The Pioneer, New Delhi, 14th February, 2014
 
India has joined hands with 50 countries in the world in the two days London Conference on illegal wildlife trade of elephants, rhinos, tigers and other endangered wildlife species. The UK Government has announced a £10 million package to support efforts by the participating countries to combat wildlife trafficking.

The meeting that concluded on Thursday, has come out with the horrifying estimate of one rhino being killed every 11 hours in the world.The Indian side was represented by members from Wildlife Crime Control Bureau(WCCB), Ministry of Environment & Forests (MoEF) and Traffic India through tele conferencing.

"Such an event emphasising on global initiative, can strengthen enforcement mechanism in dealing with cross border wildlife trade especially amongst the eight South Asia Wildlife Enforcement Network , which include Afghanistan, Bangladesh, Bhutan, India, Maldives, Nepal, Pakistan and Sri Lanka", said the sources in WCCB.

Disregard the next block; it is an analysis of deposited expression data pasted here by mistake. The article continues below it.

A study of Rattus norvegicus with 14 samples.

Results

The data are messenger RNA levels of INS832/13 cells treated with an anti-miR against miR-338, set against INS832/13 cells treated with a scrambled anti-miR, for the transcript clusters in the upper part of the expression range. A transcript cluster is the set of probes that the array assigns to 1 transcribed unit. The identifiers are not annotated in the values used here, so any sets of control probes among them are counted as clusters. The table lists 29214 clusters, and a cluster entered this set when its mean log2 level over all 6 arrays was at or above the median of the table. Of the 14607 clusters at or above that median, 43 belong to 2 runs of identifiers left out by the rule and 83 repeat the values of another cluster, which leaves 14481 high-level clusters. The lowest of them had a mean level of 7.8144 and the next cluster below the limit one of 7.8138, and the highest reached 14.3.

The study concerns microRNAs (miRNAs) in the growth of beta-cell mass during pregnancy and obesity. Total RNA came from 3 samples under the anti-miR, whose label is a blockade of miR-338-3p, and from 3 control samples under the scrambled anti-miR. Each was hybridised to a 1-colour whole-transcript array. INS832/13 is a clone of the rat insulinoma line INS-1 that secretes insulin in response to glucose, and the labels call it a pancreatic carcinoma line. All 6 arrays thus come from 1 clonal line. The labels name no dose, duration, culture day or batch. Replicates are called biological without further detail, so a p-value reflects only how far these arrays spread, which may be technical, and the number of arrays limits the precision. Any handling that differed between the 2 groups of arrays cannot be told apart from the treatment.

"Although the London conference is mainly highlighting the plight of rhinos, tigers and elephants, there are many other species that are lesser known but equally threatened by the destructive and pervasive illegal wildlife trade," said Dr Shekhar Niraj, Head of TRAFFIC India. Such species include pangolin, turtle, star tortoise amongst others which are flooding the illegal wildlife trade.

Since, such crimes are being committed by organised gangs of international poachers, with access to latest technology and skills, such conference can create a platform for the exchange of technical expertise with advanced nations can help in cracking hi-tech wildlife cases, said Dr. Niraj.

The conference stressed on the use of "smart" technology such as GPS trackers and drones to protect animals at risk. It also exhorted the various governments and local bodies to send out the message that no one should trade or buy rhino horn, ivory, tiger or other wild life parts and products. Apart from strengthening law enforcement and criminal justice, the other priority issues addressed included, reducing demand for illegal wildlife products and supporting sustainable livelihoods for communities that live alongside wildlife habitats.